Alberta tar sands, Wyoming shale oil, deep ocean drilling (and spilling), mountaintop removal coal mining and hydraulic fracking. These are our desperate, last-ditch attempts to extract hard to reach, lower-quality fossil energy sources. 2012 was the hottest year in recorded history, and the heat had devastating impacts for agriculture over most of the U.S. I hope we are all getting primed for some serious action toward investing in renewable energy sources.
My fear is that 2013 will be a continuation of the drought that affected two-thirds of the United States last year, and so far, this winter is warm and dry like last year. Last summer we sold 25 percent of our cows. Our hay crop was only about 15 percent of normal. We had to buy hay from Havre, an area less affected by drought than south central Montana. Shipping hay from the Hi-Line does not really pencil. Lots of ranches in our area saw long-term water sources dry up. The cottonwood bottoms are very stressed, and I'm sure we'll see lots of cottonwood mortality when the trees begin to leaf out in the spring.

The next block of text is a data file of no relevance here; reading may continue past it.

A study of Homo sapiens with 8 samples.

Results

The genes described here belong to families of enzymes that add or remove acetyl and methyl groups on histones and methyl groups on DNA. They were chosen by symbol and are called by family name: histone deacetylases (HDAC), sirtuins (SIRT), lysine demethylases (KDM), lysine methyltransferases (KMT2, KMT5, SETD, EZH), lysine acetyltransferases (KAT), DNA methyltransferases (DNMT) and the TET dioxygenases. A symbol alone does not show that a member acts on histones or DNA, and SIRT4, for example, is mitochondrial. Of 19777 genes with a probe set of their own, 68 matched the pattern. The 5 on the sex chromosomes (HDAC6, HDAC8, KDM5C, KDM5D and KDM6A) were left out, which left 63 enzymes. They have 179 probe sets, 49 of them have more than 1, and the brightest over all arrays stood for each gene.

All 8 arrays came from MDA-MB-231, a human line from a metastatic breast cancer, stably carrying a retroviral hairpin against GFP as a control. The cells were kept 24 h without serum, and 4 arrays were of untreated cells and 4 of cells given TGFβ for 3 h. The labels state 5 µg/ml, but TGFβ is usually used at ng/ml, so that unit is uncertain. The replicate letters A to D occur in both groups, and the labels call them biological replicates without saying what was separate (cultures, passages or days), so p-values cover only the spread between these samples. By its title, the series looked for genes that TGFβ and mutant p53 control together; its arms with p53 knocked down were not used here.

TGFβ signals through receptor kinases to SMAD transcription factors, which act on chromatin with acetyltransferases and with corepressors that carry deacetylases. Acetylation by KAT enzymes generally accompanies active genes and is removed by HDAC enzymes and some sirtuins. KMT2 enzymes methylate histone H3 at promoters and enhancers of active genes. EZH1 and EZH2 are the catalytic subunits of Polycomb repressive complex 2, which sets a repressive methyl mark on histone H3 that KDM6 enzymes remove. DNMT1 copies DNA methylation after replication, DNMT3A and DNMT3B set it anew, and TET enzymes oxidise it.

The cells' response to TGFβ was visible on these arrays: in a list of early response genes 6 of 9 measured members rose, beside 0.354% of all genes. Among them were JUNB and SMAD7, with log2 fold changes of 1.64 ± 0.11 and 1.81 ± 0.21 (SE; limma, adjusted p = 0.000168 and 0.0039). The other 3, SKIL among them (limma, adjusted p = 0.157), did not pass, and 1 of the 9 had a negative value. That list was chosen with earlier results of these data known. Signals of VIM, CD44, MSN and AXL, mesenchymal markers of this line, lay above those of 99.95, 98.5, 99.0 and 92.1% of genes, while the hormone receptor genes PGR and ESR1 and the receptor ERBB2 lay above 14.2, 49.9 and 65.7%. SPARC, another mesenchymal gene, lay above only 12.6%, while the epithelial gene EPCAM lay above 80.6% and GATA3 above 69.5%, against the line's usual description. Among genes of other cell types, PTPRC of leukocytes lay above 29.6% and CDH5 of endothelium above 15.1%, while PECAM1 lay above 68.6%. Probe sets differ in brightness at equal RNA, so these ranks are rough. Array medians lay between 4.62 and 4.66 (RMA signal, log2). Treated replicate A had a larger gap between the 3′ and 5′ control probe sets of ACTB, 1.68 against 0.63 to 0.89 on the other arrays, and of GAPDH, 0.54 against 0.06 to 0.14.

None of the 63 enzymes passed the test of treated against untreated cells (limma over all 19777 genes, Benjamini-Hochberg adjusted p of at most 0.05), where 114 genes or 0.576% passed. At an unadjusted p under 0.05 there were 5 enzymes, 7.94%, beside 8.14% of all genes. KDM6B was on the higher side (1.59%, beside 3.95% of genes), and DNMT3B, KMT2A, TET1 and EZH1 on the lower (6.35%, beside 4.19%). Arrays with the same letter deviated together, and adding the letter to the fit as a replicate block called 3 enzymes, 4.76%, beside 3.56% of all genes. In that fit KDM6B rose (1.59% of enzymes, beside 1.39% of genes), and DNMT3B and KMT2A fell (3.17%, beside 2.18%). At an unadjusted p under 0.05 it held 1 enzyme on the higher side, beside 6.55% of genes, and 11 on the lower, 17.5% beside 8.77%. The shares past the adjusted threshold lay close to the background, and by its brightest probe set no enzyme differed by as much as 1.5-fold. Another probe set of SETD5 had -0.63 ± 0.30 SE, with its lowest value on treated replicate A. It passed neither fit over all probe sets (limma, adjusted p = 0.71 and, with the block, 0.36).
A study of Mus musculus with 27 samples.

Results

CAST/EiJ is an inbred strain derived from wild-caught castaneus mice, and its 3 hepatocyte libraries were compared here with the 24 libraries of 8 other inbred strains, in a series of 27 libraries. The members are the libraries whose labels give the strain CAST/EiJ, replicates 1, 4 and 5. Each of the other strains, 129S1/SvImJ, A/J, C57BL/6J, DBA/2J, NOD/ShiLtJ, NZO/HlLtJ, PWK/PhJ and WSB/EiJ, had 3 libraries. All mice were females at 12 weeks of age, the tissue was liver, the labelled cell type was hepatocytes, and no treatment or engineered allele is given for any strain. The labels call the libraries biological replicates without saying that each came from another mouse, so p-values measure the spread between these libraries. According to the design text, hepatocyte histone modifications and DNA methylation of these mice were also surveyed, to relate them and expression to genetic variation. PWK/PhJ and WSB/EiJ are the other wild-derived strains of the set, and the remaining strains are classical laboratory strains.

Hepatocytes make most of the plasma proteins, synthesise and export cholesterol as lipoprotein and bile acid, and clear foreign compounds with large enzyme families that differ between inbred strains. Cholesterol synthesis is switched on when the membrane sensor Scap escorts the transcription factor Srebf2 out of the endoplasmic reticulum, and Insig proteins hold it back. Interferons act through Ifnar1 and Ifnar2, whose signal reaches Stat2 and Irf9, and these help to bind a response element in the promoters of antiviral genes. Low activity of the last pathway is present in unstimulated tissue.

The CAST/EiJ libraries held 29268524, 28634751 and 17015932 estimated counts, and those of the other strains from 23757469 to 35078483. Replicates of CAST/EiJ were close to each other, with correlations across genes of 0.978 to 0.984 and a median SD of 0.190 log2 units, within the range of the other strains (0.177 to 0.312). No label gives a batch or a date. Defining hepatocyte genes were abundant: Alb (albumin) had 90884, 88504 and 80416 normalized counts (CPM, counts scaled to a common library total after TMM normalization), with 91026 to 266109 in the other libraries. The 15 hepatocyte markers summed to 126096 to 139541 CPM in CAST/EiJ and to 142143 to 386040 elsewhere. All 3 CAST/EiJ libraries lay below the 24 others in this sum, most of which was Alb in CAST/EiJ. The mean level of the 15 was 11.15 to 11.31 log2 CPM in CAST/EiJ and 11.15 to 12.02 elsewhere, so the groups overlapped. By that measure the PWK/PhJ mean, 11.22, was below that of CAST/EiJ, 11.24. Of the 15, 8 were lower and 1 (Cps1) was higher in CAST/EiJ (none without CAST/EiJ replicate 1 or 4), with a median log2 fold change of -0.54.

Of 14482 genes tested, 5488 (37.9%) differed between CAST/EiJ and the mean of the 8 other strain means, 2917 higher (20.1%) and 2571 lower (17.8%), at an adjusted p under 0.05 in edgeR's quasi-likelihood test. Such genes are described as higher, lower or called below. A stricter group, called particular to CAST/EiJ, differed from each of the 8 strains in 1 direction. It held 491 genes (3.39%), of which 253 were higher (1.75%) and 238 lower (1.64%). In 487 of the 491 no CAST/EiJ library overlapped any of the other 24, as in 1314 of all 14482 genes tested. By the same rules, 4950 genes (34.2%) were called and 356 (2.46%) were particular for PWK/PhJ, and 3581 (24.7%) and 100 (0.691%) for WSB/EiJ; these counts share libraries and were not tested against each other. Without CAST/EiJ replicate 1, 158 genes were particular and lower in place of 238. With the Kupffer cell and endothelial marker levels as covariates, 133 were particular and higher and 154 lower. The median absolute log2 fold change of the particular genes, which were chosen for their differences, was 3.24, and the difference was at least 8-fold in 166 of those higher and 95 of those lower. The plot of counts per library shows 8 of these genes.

We are pouring carbon into the sky by burning fossil fuels. We appear to be trading short-term jobs and energy from oil, gas and coal for the long-term food production and sustained income of farms and ranches.
We just had a huge wake-up call in our nation's heartland last year. Continued global warming threatens our ability to grow abundant food. There are alternatives to our developing heat and drought problem. The price of home installed solar power is now nearly competitive with fossil fuel energy sources. Energy conservation works, too, although it is seldom discussed these days. We can even drive a bit slower. Here's hoping we get a little more rain this spring.